The United Nations Sustainable Development Goals have been developed to make the world more sustainable by 2030 by addressing challenges as diverse as ending poverty to tackling climate change. Thames Water supports the aspirations of the United Nations Sustainable Development Goals (SDGs).
The SDGs can only be achieved if governments, businesses, civil society and citizens work together. The United Nations has produced 17 SDGs and 169 targets that describe the road map of ambitions to build a more sustainable future by 2030. The challenge for us at Thames Water is this: how can we help to achieve these goals?
We’ve decided to focus on four specific SDGs where we think we can make a real contribution as a result of our expertise and main area of operation - delivering water and sanitation to around 25 per cent of the population of England and Wales.
The four SDGs that we can positively contribute towards are:
Clean Water and Sanitation - We provide safe water and sanitation to 15 million customers 24/7/365. Every day we supply over 2.7 billion litres of safe clean drinking water, and treat around 4.4 billion litres of sewage. Outside the UK, we’re working with WaterAid to help deliver its vision of a world where everyone, everywhere, has access to safe water and sanitation. In 2017/18, our employees raised £316,675 for WaterAid, a charity we’ve supported for 30 years. This money will be used as part of our four year ‘Thames loves Malawi’ campaign which aims to build partnerships and empower people in Malawi, particularly local council officers and water board employees, to make a sustainable change in two towns which had no access to clean water.
Affordable and Clean Energy - We’re working to increase the amount of renewable energy we generate, helping to increasing the share of renewable energy in the UK and global mix. In 2017/18 we generated 293 GWh of our own electricity needs from renewable sources including biogas, wind power and solar panels – enough renewable electricity to power over 94,000 homes.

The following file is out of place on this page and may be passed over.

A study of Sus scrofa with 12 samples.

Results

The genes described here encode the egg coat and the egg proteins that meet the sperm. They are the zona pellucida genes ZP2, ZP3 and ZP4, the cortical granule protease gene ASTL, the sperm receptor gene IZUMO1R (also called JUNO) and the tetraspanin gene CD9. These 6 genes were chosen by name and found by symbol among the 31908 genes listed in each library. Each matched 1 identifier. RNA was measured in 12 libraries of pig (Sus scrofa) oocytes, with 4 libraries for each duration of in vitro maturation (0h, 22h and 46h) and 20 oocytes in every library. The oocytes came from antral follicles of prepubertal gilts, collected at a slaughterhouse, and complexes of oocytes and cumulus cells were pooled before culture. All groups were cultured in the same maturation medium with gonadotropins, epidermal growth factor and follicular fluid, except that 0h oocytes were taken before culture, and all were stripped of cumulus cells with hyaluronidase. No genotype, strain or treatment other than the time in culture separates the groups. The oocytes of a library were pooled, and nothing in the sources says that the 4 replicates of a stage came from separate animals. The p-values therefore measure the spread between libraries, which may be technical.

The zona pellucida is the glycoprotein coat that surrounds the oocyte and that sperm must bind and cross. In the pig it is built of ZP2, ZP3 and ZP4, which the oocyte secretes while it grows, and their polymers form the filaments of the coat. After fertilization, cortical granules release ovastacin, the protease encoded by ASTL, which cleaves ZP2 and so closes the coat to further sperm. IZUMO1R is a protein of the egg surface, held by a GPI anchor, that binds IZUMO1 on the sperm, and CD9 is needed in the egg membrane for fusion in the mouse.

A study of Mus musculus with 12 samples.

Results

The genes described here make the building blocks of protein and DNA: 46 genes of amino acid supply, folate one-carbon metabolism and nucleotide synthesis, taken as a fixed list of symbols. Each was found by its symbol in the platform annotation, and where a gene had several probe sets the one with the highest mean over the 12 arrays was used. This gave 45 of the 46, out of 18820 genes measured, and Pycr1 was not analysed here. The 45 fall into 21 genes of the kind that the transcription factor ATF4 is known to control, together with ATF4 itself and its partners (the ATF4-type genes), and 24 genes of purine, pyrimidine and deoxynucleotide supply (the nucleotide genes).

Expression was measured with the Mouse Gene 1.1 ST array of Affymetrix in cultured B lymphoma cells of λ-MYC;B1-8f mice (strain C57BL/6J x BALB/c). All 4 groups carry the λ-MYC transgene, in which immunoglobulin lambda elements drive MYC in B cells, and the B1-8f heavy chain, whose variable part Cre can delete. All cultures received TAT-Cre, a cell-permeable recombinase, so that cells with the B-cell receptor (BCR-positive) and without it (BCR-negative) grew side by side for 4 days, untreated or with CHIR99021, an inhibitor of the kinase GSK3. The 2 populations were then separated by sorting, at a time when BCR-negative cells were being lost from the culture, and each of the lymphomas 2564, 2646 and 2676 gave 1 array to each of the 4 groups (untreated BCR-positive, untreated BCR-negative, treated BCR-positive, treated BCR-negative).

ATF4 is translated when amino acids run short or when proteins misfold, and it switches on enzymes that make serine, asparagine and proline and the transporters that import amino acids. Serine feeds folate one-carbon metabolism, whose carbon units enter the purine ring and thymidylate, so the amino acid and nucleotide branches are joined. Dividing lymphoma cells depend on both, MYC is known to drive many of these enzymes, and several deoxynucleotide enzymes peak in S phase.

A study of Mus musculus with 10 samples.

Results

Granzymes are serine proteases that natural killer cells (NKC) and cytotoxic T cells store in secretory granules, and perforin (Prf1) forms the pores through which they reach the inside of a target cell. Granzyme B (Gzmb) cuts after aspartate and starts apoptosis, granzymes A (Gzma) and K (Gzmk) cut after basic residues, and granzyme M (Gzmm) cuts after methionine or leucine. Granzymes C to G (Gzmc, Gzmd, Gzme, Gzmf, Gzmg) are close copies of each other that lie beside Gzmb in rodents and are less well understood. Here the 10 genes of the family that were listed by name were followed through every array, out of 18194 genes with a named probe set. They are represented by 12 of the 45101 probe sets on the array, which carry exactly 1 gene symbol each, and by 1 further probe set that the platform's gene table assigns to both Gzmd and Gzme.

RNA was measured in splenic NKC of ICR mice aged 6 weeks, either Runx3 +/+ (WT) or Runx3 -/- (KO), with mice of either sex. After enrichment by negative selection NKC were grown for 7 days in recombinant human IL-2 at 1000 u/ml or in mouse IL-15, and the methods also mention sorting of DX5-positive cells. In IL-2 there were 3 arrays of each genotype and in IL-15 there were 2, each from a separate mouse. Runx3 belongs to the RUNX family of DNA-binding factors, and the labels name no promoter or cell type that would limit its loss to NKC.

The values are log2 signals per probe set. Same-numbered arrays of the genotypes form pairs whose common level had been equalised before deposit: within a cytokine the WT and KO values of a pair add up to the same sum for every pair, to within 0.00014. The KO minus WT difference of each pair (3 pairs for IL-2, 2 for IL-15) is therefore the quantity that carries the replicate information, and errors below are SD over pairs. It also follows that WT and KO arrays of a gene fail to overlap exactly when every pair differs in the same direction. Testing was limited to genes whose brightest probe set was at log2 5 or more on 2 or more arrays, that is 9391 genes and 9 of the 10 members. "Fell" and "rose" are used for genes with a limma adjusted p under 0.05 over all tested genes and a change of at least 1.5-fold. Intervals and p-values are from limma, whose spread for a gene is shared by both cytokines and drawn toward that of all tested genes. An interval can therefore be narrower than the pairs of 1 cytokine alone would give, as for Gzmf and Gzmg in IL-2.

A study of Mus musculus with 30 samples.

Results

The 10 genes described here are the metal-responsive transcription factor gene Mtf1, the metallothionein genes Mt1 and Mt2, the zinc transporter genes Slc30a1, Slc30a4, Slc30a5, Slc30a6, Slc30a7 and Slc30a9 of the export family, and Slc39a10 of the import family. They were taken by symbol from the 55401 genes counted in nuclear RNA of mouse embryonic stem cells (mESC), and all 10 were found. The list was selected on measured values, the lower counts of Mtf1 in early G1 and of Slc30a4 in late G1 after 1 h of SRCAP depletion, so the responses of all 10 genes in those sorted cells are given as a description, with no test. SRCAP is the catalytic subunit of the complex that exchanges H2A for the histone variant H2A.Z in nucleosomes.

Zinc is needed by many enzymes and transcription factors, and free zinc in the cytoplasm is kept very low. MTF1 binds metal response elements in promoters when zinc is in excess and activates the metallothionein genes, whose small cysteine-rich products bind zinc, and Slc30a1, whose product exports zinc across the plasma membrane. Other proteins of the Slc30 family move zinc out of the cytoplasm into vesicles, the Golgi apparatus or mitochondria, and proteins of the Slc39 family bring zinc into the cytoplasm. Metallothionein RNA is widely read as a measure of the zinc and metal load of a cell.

Responsible Consumption and Production - We’re working to become more efficient, reduce waste and increase how much we recycle and re-use. Last year, 100 per cent of sewage sludge that wasn’t incinerated to generate renewable energy was put to beneficial use, with 98.7 per cent applied to agricultural land as fertiliser and 1.3 per cent used in land restoration or reclamation. We also generated 286 GWh of renewable electricity from safely treating sewage sludge.
Climate Action - We’re working to increase our capacity to respond to the impacts of climate change and mitigate our contribution to its causes. We’ve assessed the potential impact on our ability to provide our customers with water and wastewater services, and published a report of our findings and our plans to respond. As part of this, we’ve installed Europe’s largest floating solar panel array at our Queen Elizabeth II reservoir, generating enough electricity to power 1,700 homes.
Supporting the SDGs isn’t an extra task for our business – it’s simply part of what we do every day.